Lost Arts studio

A lot of the fiber arts I enjoy are things like tatting, netmaking, chair caning, and even weaving, where people will come up to me when I demonstrate and solemnly tell me, "That's a lost art."


On the Internet, nobody knows you're a chicken. (With apologies to Peter Steiner.)



29 June 2006

Summer Days

Things have relaxed some since we got done with science camp.

Yesterday I mowed our little nature path, which goes from the house to the back of the property, loops around, and comes back. From the road to the back of the lot is a quarter-mile, so the loop is probably just under a half mile. I mowed it twice around to make the path wide enough to walk on . That's twice around with a gas push-mower. My hands are sore, but it was fairly cool (70 F) and they didn't blister.

This morning I took a walk on it and remembered why I keep it mowed: because it's fun to walk on. At the far end, I rousted out a white-tail deer, which I never saw, but only heard leaping away in the canary grass. As I got back within sight of the house, I came up on the turkey hen again, and five young ones, definitely five.

For some reason, while I was mowing, I was thinking about cramming.

One of the things that school taught me was that it was possible to skate along doing the bare minimum, and then at the last second jam a skyscraper full of facts into my head, to be dumped onto the test paper at high speed and never thought of again.

But other activities, such as gardening, taught me the opposite. You can't "cram" a garden. I don't care how good you are, if you wait until September in Michigan to put in your tomato seedlings and to plant the basil seeds, you will not be picking ripe homegrown tomatoes and big crinkly fragrant basil leaves. These things have to be planned in advance and done by littles over time. And even if you do them to the best of your ability, they are still subject to chipmunks, cutworms, and the current year's weather weirdness.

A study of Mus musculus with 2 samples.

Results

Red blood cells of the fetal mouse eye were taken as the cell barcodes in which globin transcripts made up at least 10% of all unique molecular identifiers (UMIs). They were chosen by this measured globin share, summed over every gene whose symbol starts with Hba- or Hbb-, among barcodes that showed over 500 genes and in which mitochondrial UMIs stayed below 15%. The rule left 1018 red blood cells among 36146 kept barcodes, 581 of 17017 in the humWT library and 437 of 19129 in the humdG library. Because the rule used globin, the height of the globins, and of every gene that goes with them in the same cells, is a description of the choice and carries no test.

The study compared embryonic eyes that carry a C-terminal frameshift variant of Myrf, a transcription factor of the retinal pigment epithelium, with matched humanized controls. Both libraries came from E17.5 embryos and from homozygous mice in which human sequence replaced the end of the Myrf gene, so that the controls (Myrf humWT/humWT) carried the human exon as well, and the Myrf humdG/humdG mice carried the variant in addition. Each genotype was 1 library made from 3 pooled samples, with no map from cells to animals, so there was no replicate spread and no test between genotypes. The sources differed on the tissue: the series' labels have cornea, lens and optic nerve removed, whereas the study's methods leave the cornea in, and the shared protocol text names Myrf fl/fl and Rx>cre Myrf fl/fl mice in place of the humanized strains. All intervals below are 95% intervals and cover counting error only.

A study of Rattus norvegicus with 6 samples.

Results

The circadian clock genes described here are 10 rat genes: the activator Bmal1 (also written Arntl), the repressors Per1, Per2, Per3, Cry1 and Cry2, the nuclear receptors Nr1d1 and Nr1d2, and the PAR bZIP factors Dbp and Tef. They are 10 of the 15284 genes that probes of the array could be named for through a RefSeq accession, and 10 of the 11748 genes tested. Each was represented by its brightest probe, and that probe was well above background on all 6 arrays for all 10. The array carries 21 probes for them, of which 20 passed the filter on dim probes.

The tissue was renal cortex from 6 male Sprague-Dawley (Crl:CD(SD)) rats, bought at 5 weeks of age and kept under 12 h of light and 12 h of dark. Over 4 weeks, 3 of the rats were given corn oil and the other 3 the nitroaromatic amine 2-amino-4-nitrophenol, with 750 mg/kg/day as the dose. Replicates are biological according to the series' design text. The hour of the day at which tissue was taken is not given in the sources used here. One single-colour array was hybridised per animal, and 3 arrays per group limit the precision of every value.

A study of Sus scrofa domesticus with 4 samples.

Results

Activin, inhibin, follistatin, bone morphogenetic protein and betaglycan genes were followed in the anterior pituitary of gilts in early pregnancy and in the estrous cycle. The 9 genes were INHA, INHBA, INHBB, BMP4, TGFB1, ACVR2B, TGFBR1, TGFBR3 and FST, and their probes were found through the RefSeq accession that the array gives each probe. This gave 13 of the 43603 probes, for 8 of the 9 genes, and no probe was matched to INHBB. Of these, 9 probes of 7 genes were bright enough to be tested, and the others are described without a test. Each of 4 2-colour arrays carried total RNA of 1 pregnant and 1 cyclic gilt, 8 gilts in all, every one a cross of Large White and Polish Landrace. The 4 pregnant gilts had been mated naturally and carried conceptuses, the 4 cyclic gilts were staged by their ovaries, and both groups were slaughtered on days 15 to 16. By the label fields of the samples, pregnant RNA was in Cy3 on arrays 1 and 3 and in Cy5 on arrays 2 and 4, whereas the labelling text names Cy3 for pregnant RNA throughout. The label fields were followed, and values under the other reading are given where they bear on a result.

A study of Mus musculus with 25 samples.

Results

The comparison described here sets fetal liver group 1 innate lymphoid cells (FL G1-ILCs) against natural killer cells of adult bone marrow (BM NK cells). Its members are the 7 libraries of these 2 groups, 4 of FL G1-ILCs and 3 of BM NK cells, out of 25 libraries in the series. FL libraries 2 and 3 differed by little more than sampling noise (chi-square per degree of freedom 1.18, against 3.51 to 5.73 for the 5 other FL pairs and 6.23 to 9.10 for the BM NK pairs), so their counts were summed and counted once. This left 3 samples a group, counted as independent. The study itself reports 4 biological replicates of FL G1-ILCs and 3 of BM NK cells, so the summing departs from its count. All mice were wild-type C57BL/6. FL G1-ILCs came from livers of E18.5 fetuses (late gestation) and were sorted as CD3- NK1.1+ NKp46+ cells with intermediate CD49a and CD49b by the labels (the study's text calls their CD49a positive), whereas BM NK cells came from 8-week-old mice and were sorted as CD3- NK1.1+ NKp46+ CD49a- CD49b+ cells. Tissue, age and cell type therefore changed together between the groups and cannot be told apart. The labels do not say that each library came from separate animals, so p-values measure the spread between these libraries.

Another thing that gardening taught me was that people can't see the things I meant to do, but didn't. When I was still in college, I was gardening at my parents' house. I had a fair-sized, hand-dug, organic garden right next to the driveway. That particular summer, I remember that I thought the garden was pretty much a failure. There were so many seeds I hadn't started or planted in time. So much I had meant to do, but somehow not gotten to. All I could see when I looked at that garden were the ghosts of the "might have beens".

Then one day one of my brother's friends stopped over to pick him up, and told me earnestly how much he admired my garden. He and my brother left, and I was left standing there looking at the garden through his eyes. He couldn't see any of my undone things. All he could see was the enormous broccoli plants, the tall corn planted in stages, the tomatoes, the delicate-petalled poppies. All he could see was what I had done. Those ghostly might-have-beens were completely invisible to him. And the garden he could see was bursting with big healthy plants.

In Don Aslett's "How to Have a 48-Hour Day" he says, "Most accomplishment is the result of a lot of small or even tiny things added up over time."

I think any gardener, and certainly any knitter who has used size 0 or smaller needles, can relate to that!